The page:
Squeezing into our seats aboard a small tired old plane was not an auspicious beginning to our journey half-way around the world. American Airlines could have done better on our first leg to Heathrow. But oh what a relief! We can relax. We’re on our way!
The weeks – and in my case months – of planning and preparation are over. I’d managed to forcibly cram into one small case, everything I needed to give me an illusion of security for the next four months. It’s not the first time…I should be a pro, but after six consecutive years, it doesn’t get any easier. I plead my case: traveling through the many different temperature zones of India, requires a corresponding variety of outfits. But why carry warm clothes for three and a half months in the warmer climes? Gerard nonchalantly says, “We can buy warm clothes when we get to Darjeeling”, a town renowned not only for its tea but for being one of the wettest places in the world. Far too risky for me! I need to be prepared for any eventuality.
This questions whether I’m really a traveler – or am I just tagging along? A few weeks ago, when searching for the strongest DEET based mosquito repellent, the young REI shop assistant but with the persona of a seasoned mountain climber, asked where we were going. We described our four month trip across India and he exclaimed with awe, “You’re real travelers!” I felt a fraud! Would I do this without Gerard’s planning and guidance? Wouldn’t I be happier staying home, safe in the confines of my everyday life? St Augustine says, “The world is a book and those who do not travel, read only one page.” And like the moth is drawn to the light, I know that even if it means having my wings singed, I need to travel. The dye was cast almost 40 years ago when Gerard took me to North Africa for the first time. I’ll never forget the exhilaration of standing on the road outside Paris waiting for a ride – we hitchhiked everywhere in those days. It was a pivotal moment – I was experiencing the here and now in a way I never had before. Traveling helps me let go.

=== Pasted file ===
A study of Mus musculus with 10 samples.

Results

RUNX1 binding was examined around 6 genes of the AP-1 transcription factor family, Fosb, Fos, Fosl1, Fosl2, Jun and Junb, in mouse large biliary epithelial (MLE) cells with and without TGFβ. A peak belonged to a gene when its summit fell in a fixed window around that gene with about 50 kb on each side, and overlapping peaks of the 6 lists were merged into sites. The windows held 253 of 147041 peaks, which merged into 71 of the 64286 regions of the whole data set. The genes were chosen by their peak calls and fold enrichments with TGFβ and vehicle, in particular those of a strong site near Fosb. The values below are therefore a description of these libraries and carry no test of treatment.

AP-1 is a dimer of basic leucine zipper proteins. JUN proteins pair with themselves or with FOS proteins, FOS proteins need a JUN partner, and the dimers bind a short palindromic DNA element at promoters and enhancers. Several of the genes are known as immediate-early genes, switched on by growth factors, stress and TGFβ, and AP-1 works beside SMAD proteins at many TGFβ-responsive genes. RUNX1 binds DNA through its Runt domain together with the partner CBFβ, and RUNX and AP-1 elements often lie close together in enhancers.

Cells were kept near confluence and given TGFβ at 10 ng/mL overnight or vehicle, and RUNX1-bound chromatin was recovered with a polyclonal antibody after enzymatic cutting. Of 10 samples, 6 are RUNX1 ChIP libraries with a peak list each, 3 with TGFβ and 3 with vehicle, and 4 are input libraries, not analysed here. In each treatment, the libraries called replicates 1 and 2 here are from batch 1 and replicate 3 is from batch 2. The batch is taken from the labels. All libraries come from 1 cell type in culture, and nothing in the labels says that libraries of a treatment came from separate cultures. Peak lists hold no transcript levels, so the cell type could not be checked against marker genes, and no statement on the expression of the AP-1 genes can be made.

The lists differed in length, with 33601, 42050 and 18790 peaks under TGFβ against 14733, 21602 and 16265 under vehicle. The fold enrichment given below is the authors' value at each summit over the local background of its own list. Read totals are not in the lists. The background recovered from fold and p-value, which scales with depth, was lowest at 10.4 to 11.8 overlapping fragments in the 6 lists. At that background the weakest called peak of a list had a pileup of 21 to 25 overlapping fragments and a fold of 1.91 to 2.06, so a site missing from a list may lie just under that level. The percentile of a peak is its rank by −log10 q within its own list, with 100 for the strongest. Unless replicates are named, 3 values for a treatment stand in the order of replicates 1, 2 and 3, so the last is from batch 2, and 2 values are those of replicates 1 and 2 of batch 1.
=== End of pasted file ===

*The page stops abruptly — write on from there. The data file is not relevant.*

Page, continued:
I remember our first trip to India as travelers ten years ago. Without the protected guidance of the organized meditation retreats that took us from Delhi far into remote Rajasthan for many years in the 1980s. I was fearful – would I get sick… robbed…trampled…lost in the vortex of a culture so mysterious that someone from America can never really fathom? But getting sick, having your pocket picked is just part of everyday life whether you’re in India or on Boylston Street in Boston. So the question is where is the fear coming from? If you believe, as I do, that the quantity of life is determined, then the ultimate fear of death is abated. Therefore the fear has to do more with the unpredictability. Consciously or otherwise I think many of us, like me, spend a lot of time making our lives predictable. We take out health insurance to ensure our health…we save money to ward off poverty…we spend a fortune on beauty products to keep our youth. But in the end, the only thing predictable is change.
Meanwhile back in Heathrow, the highlight of our five-hour lay over is a hot chocolate, rich and creamy the way it’s supposed to be…it used to be. Even though the café manager has a distinctly French accent; so what – it was Heathrow. And then our second 747 plane to Delhi compensates for the previous apology – the middle row all to ourselves is luxuriously spacious. My failure to remember to book us vegetarian meals in advance no longer matters. “Madam,” the Indian air hostess laughs, “Going to India, we never have a problem with “Veg”….it’s the chicken we always run out of.” Ah, how comforting – we’re back in the land where vegetarians rule! “Non Veg” is the exception, the afterthought! All is right with the world…for now.